Sam Saunders embraces his new role of maintaining his grandfather's legacy—and tournament
ORLANDO—It was a cold, windy Wednesday morning, but there seemed to be a loving warmth and goodwill shared by those at the Bay Hill Club and Lodge. Inside Arnold Palmer’s old office was his daughter Amy, watching her son on a flat-screen TV as he spoke on Golf Channel's ”Morning Drive.” She talked about the relationship he had with the man he adoringly called Dumpy, and how it fuels his vision to maintain his grandfather’s name along with the PGA Tour event that bears it. What became clear on the eve of the 39th Arnold Palmer Invitational is that Sam Saunders has done exactly what his grandfather would have wanted. He has not only become the face for the tournament, he has become its new heart and soul. The evolution was foreshadowed in the photographs inside Bay Hill’s hallways. There’s one of Sam sitting on Arnold’s lap as a child. Another is from Friday of the 2004 tournament, when a 16-year-old Sam, moonlighting as a caddie, stood sentry while Arnie ripped driver off the deck into the 18th green on one of the most treacherous approach shots in golf. As the ball curled to the pin, Sam got a little nudge from his grandpa in one of those moments that will never get lost among all the footage—from black and white to high definition—that proved Palmer to be the most charismatic athlete of our time.
“I think Sam has matured a lot in the last year,” Amy said after her son’s interview concluded. “You suddenly feel the responsibility that is yours. He felt it not only for his family, but now he feels it for his grandfather. My dad would have been pleased.” The worn leather chair behind the desk in Palmer’s office is a big one to fill. The bookshelves are still lined with biographies of John Wayne, Dwight Eisenhower and Mark McCormack, along with novels from Louis L’Amour (Palmer’s favorite writer). Next to them is stack of National Geographic magazines and boxes of Callaway balls. Amy talked about the special mementos that remain from the day her father died last September, like the reading glasses that are still on his desk. Players paid homage to The King by stopping by the office to sign pin flags. Some slow played it, hoping the longer they stayed, the better their chance to feel Arnie’s presence once more.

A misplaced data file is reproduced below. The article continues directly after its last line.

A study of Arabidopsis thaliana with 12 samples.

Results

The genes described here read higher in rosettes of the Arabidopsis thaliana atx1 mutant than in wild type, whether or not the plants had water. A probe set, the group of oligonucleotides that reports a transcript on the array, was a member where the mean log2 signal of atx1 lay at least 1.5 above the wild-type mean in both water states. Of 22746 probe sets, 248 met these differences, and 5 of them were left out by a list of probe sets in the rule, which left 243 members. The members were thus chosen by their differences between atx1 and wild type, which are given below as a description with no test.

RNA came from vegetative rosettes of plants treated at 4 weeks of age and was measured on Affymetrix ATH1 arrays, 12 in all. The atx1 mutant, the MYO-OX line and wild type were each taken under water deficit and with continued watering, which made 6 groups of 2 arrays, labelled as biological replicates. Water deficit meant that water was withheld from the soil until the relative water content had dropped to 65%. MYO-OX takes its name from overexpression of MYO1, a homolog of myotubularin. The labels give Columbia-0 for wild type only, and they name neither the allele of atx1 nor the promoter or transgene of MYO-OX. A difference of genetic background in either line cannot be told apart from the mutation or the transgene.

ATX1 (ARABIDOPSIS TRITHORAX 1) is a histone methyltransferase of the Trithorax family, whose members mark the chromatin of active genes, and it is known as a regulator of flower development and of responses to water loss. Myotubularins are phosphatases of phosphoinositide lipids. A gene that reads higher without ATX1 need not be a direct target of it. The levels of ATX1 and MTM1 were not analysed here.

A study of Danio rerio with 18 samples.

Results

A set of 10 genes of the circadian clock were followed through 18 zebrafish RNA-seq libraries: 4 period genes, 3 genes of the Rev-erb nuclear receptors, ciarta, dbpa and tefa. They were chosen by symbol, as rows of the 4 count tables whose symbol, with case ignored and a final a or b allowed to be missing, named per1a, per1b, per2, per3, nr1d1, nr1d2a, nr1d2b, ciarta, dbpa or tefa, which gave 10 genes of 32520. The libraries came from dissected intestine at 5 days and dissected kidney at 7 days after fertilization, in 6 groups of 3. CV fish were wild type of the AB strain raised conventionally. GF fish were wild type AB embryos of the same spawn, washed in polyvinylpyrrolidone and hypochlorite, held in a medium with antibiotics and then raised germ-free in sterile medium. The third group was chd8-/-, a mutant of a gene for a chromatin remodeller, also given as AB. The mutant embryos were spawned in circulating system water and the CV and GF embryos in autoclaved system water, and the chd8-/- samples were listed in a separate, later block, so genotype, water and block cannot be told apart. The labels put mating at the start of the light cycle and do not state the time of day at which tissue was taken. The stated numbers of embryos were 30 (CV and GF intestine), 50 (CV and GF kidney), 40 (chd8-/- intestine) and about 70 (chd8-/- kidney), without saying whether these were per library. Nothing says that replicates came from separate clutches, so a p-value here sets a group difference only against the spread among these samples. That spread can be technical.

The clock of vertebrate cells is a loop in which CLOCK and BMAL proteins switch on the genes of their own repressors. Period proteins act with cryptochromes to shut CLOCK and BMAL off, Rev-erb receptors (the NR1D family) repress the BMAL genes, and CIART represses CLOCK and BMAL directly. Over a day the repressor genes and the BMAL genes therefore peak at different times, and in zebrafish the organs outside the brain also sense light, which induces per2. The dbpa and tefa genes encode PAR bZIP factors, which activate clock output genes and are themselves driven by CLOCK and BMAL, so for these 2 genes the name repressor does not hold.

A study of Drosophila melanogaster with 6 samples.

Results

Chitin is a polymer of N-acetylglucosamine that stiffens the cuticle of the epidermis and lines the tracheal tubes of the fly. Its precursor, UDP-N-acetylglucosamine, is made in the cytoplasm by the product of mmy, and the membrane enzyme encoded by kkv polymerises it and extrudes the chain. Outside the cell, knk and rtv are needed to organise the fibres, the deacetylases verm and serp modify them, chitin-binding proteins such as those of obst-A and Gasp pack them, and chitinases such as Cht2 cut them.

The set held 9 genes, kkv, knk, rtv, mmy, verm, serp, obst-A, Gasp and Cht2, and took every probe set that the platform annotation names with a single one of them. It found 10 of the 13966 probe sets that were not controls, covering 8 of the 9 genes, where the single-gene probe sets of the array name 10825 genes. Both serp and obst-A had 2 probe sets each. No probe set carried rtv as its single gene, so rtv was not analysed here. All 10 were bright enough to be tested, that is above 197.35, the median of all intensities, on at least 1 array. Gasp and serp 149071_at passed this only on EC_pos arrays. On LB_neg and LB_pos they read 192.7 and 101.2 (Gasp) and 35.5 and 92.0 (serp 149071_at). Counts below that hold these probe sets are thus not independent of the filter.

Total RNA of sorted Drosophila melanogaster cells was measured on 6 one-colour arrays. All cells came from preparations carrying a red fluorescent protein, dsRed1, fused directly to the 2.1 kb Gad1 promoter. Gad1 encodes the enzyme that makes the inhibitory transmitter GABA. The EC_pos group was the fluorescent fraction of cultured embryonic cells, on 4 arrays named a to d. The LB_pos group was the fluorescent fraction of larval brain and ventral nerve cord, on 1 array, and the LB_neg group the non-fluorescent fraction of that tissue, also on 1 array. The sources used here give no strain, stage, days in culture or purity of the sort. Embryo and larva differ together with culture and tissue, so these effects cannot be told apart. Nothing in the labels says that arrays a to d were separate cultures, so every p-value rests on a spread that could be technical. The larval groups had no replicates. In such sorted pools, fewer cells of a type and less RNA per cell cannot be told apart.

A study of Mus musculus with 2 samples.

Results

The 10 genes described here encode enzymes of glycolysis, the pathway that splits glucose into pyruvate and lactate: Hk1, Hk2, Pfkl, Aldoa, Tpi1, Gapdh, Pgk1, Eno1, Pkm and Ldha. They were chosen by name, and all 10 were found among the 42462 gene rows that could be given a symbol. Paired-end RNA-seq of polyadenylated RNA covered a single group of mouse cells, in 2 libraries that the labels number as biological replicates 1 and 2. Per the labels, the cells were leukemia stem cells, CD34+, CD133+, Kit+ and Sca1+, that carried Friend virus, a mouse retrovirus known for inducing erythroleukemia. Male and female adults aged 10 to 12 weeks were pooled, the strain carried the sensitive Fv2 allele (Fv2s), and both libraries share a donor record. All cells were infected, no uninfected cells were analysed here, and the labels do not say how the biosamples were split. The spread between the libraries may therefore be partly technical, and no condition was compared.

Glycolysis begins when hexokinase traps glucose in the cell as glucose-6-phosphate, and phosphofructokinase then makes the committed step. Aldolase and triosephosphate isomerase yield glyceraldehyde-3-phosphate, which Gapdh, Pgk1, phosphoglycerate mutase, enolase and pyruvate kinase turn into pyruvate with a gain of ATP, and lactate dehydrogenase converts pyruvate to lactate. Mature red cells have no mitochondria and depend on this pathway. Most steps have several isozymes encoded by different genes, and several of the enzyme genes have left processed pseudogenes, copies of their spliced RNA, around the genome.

At 27, Tony Finau didn’t know Palmer other than the trademark congratulation letters he received from the legend after winning on the Web.com and PGA Tour. Finau found himself so emotional he could not speak. Rory McIlroy visited the office and said at his news conference, “Bay Hill’s a special place. It means a lot to us. Obviously, I’m very happy to be here this week, and it would be great to win this tournament in his memory.” Outside Palmer’s office sits Janet Hulcher, Arnold’s executive assistant for 19 years. She summed it up the best just after Arnold’s passing, and repeated the sentiments on Wednesday when she said, “I knew it was going to be hard, but I didn’t realize how hard it was going to be … and still is.” Tom Ridge, the former Pennsylvania governor and secretary of Homeland Security was hanging out in a raspberry-colored sweater that Arnold would have given his ubiquitous thumbs up. Asked what he missed the most, Ridge, serving as one of five honorary hosts for this week’s event, said quite simply, “The humanness. He was just a regular guy.”
Saunders is also paying tribute to his grandfather by playing in the tournament. The Hollywood ending of him winning the title seems a bit out of reach after an opening-round 74, but would it be too much to ask for the new host pro to play on the weekend? His score matched the number posted by pre-tournament favorites Rory McIlroy and Rickie Fowler. They go into day two of “Arnold’s Tournament” tied for 58th as more cold weather is expected Friday morning. But Saunders’ mission is a bigger one, anyway. With Palmer’s loss, there are things that cannot be replaced, and Sam isn’t going to try. But if he can keep Arnold’s memory alive beyond his lifetime and preserve The King’s legacy, then Sam will have done his job. The first signs of that started to come through in Saunders’ heartfelt eulogy at the memorial service in Latrobe, Pa., last October. The impression was solidified when Saunders spoke to the API’s future on Wednesday—with conviction.
RELATED: Watch Sam Saunders' give memorable eulogy at Arnold Palmer's memorial “This year is special,” he says, now back in the office. “It’s hard, but at the same time it’s very easy for all of us to remember and honor our grandfather. What’s important is that [the tournament] stands a long time. Hopefully this week we get off to a hot start and keep that going for many, many years. I feel good about it. It doesn’t seem like something that’s only going to happen for one year. It seems like it’s going to happen for a long time.” In the case of Arnold Palmer, that should mean forever.